Fate: The Winx Saga live-action was undeniably disappointing and ruined my childhood fantasy

Growing up, I developed a love for the Winx series, a cartoon based on a group of fairies that attended a secret school, so I was understandably excited when I heard about the release of a live-action version of the short films I’d come to adore. 

The show would be debuting on Netflix, making it even easier for me to find and watch it once it was released. The main photo used to advertise the show first caught my attention and was the first step on a long road of disappointments surrounding the show. 

The picture showed five girls, already showing me that one of my treasured characters was being completely erased from the series. The second disappointment came after I closely scrutinized the girls portraying the various characters. They had only managed to depict three of the characters correctly with the third one being a mix between two of the girls from the cartoon. 

I still had hope for the show despite the rocky introduction I faced, but, yet again, I was disappointed.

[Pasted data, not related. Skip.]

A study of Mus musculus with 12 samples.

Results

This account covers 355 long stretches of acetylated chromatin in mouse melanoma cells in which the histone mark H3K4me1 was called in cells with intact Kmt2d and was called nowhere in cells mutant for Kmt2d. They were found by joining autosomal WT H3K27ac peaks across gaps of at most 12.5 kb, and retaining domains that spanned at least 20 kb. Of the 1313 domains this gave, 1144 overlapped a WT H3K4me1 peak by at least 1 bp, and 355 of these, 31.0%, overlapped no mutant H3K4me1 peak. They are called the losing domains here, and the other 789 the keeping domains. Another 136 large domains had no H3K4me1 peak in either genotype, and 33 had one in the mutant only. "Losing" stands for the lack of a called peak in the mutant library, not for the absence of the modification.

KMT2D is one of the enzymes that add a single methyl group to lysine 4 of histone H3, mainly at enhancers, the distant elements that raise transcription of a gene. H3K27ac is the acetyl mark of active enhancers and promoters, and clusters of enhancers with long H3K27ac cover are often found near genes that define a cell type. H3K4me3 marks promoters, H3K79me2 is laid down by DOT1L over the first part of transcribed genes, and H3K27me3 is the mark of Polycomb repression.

The beginning of the show started with Bloom, the main character at the Alfea School for Fairies. This is already completely off-script from the original. In the cartoon, Bloom finds out about her powers when she gets attacked and needs to save herself and her pet rabbit—who made no appearance in the live-action. 

In the original cartoon, Bloom was also able to find her powers without any harm being brought to herself, her family, or the people around her. The TV-MA rating on this show soon became understandable when it was revealed that Bloom had purposely set fire to her mother, leaving her with burn marks around her body. 

The TV-MA also was clarified after the first party in which alcohol and drugs were consumed, as well as various mature audience topics. Not only were those controversial topics depicted, but on several occasions, swearing was incorporated into the actor’s lines. I wondered how they had managed to turn an innocent, entertaining cartoon into a drug-filled, laughable remake of the plotline.

I was disappointed that the creators of the live-action Winx had managed to transform the kid-friendly show into a film that parents would frown upon their children watching. The original plot and the innocence of the show were the main components behind many people’s reasoning for watching the show. I felt that the new additions within this Netflix series did nothing to make it loveable to an older audience and instead ruined the memory for those previously enthralled by it.

I was happy to leave the Netflix knock-off of my childhood show and return to the beloved grasps of the cartoon Winx that I still love. I’m completely astounded as to how the producers managed to alter a simple show into an atrocity that I refuse to watch again.